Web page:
Rural development: managing knowledge for sustainability


Source: European Commission, Environment DG

Sustainable rural development could be improved by paying more attention to the interaction between different types of knowledge, such as local, scientific and political knowledge, according to new research. The interplay of natural, social, economic and human resources also needs to be better understood.

Knowledge interaction in rural development needs to meet two different criteria for environmental and social sustainability:

  • to maintain functioning ecosystems
  • to develop sustainable livelihoods and social systems

The researchers analysed sustainable rural development case studies from across Europe, and identified four main ways in which different types of knowledge are managed. These are:

  • Resource renewal, e.g. sustainable forest management, which uses scientific knowledge as a guide
  • Quality of life, e.g. improving access to utilities, welfare, or aesthetics, which uses managerial or political knowledge (such as from planners)
  • Improving local sustainable livelihoods, where local knowledge is used
  • Participatory resource management, whereby all stakeholders with an interest in the resource participate and no single form of knowledge dominates

According to the researchers, a review1 of the EU's strategy on sustainable development in 2004 found a high level of agreement among governments and NGOs, but progress at national levels differs widely. They argue that the strategy has had little influence on rural development policy, which generally does not address issues of sustainability in relation to natural resources and ecosystems, food production, transport and housing policies.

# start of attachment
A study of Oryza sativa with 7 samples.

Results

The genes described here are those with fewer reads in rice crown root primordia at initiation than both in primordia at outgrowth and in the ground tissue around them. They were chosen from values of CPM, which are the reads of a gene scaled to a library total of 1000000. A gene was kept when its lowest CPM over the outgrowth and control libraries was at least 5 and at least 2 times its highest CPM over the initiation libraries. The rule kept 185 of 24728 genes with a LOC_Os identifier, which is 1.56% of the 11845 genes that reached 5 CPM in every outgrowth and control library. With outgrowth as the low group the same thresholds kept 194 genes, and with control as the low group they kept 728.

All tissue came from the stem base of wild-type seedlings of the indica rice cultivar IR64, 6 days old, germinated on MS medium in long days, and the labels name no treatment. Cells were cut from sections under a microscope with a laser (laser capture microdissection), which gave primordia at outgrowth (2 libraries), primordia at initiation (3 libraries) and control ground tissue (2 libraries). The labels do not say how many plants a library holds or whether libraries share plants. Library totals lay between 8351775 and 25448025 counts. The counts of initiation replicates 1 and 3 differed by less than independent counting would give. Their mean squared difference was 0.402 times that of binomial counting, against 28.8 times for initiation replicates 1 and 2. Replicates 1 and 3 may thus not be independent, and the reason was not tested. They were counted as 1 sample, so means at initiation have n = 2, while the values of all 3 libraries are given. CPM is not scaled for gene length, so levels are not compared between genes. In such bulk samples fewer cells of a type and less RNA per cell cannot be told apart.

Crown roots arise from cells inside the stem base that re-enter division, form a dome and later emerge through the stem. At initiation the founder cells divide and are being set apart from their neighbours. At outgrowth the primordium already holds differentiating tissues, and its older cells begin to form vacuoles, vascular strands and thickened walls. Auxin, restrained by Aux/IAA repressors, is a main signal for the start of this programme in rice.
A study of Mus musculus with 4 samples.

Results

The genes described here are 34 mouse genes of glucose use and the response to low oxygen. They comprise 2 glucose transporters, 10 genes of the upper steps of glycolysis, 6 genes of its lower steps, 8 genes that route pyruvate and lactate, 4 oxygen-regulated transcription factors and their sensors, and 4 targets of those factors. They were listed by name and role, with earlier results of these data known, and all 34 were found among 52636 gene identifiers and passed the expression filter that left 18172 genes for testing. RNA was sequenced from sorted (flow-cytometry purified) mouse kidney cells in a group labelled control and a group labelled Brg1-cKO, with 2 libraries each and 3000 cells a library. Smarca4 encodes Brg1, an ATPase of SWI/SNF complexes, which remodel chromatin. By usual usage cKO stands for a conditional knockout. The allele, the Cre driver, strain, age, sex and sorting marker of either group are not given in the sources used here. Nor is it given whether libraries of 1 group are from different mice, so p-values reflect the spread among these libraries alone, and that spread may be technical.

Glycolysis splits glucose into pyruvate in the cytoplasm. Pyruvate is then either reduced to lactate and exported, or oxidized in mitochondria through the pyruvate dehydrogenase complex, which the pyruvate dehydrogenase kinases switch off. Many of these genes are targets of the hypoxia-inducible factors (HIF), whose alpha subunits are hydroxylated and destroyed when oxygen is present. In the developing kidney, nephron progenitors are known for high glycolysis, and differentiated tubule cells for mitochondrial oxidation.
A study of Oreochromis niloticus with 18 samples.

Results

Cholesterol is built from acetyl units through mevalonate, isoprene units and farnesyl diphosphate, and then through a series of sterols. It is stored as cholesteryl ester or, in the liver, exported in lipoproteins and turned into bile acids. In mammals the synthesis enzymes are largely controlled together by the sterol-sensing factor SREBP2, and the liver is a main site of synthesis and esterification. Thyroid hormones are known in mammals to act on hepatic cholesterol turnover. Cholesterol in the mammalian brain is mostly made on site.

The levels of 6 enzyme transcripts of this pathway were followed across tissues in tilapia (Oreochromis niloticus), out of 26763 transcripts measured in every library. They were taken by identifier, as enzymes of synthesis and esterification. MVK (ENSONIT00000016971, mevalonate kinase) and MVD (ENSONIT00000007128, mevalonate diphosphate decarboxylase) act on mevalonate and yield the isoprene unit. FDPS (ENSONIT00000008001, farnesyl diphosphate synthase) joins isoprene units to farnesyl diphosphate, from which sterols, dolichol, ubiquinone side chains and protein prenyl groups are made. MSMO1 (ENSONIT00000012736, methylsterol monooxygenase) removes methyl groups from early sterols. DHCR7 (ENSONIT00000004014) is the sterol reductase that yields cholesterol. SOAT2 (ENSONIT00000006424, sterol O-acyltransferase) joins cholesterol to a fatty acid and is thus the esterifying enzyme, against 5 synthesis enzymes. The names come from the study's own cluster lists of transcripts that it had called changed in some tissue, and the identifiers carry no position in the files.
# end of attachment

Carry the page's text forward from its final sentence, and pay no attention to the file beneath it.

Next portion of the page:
The project, CORASON2, carried out case studies of a number of nature management projects and practices, including non-agricultural development projects, local sustainable development projects and use and management of natural resources. The researchers studied how the availability and interaction of different knowledge forms were managed in these projects and what the outcomes were for rural sustainability.

The research found no examples in the CORASON case studies of conscious attention to knowledge management. The researchers emphasise that relations around knowledge are part of larger processes such as network building, social capital building and social inclusion/exclusion, and actors involved in sustainable development projects must develop and reflect on these processes.

Integrating different forms of knowledge can help to reconnect problems in social and natural systems. Problems in combining local knowledge with expert knowledge arise from inequalities in power and in access to resources in the development process.

One step towards reconnecting ecosystems and social systems and maintaining thOne step towards reconnecting ecosystems and social systems and maintaining the links between them over time would be to develop indicator systems to measure joint learning between policy, scientific and local actors, as part of the transition towards sustainability in rural areas.